UNDER-FIRE WEXFORD TD Mick Wallace has agreed to ‘step back voluntarily’ from membership of the Dáil’s technical group of independent and small-party TDs.
In a statement this lunchtime, the grouping said Wallace had agreed to stand down from the group “after requests from independent members of the Technical Group”.
The news comes after an Oireachtas spokesperson confirmed that the Ceann Comhairle, Seán Barrett, had denied Wallace’s request for time to make a personal explanation when the Dáil resumes business tomorrow afternoon.
TheJournal.ie understands that the request was denied because the Dáil’s standing orders – the rules governing everyday debate in the chamber – only permit personal statements under limited circumstances.
Specifically, the rules state that any personal explanation “brief, non-argumentative and strictly personal” – rules which would be breached by Wallace making a statement involving the tax affairs of one of his companies, which would not be considered ‘strictly personal’.
Wallace had yesterday said he had also hoped to discuss “how he intends to continue to serve his constituents in Dáil Eireann”, comments which would also be against the Dáil rules.
The technical group’s statement – which was not signed by any of the five TDs from the United Left Alliance parties – also revealed that Catherine Murphy, the group whip, had asked government chief whip Paul Kehoe to amend the Dáil schedule allowing Wallace the time “to address this matter”.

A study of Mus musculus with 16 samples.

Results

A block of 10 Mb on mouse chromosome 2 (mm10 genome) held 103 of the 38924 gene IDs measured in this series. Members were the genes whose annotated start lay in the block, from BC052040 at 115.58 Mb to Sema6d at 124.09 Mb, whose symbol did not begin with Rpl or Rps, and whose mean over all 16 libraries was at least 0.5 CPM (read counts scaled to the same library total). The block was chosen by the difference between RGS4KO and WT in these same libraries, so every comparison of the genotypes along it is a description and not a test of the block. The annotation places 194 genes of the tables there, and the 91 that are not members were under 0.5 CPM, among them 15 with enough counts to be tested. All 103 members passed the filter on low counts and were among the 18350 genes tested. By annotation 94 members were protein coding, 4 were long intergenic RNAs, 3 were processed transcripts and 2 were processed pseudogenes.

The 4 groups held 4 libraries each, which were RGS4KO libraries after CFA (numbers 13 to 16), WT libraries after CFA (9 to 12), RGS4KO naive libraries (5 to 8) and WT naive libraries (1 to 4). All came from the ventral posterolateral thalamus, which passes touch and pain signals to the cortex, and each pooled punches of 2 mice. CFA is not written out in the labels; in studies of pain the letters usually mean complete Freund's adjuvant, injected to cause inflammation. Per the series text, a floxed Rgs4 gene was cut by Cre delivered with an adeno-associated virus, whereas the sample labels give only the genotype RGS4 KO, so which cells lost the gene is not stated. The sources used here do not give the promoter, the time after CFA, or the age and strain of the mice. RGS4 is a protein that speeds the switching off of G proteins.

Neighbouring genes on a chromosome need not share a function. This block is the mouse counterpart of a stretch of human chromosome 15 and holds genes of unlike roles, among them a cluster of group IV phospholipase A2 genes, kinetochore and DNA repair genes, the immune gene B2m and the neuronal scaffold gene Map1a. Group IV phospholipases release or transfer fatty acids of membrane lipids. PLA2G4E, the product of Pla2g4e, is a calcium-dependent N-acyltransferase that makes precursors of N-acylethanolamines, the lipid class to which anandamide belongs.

Wallace has been under increased public scrutiny in the last week after he revealed details of a €2.1 million settlement agreed between his construction firm, M and J Wallace Ltd, and the Revenue Commissioners.
The settlement arose after the company, which is 99 per cent owned by Wallace, knowingly under-declared VAT to the tune of €1.4 million.
It has separately emerged that the Dáil committee on members’ interests, which is set to meet behind closed doors later this week and examine the affair, is now believed to have firm jurisdiction over Wallace’s affairs.
Committee chairman Thomas Pringle had last week suggested that the committee had no grounds on which to investigate Wallace’s affairs, as the under-declaration of VAT was made before his election to the Dáil in February 2011.
The committee is now working off the understanding, however, that Wallace’s decision not to try and repay the VAT subsequent to his election may be deemed a ‘specified act’ under the terms of the Standards in Public Office Act, 2001.
Wallace has asserted that he has no plans to resign, believing his ongoing status as a TD is a matter for the people of Wexford to decide.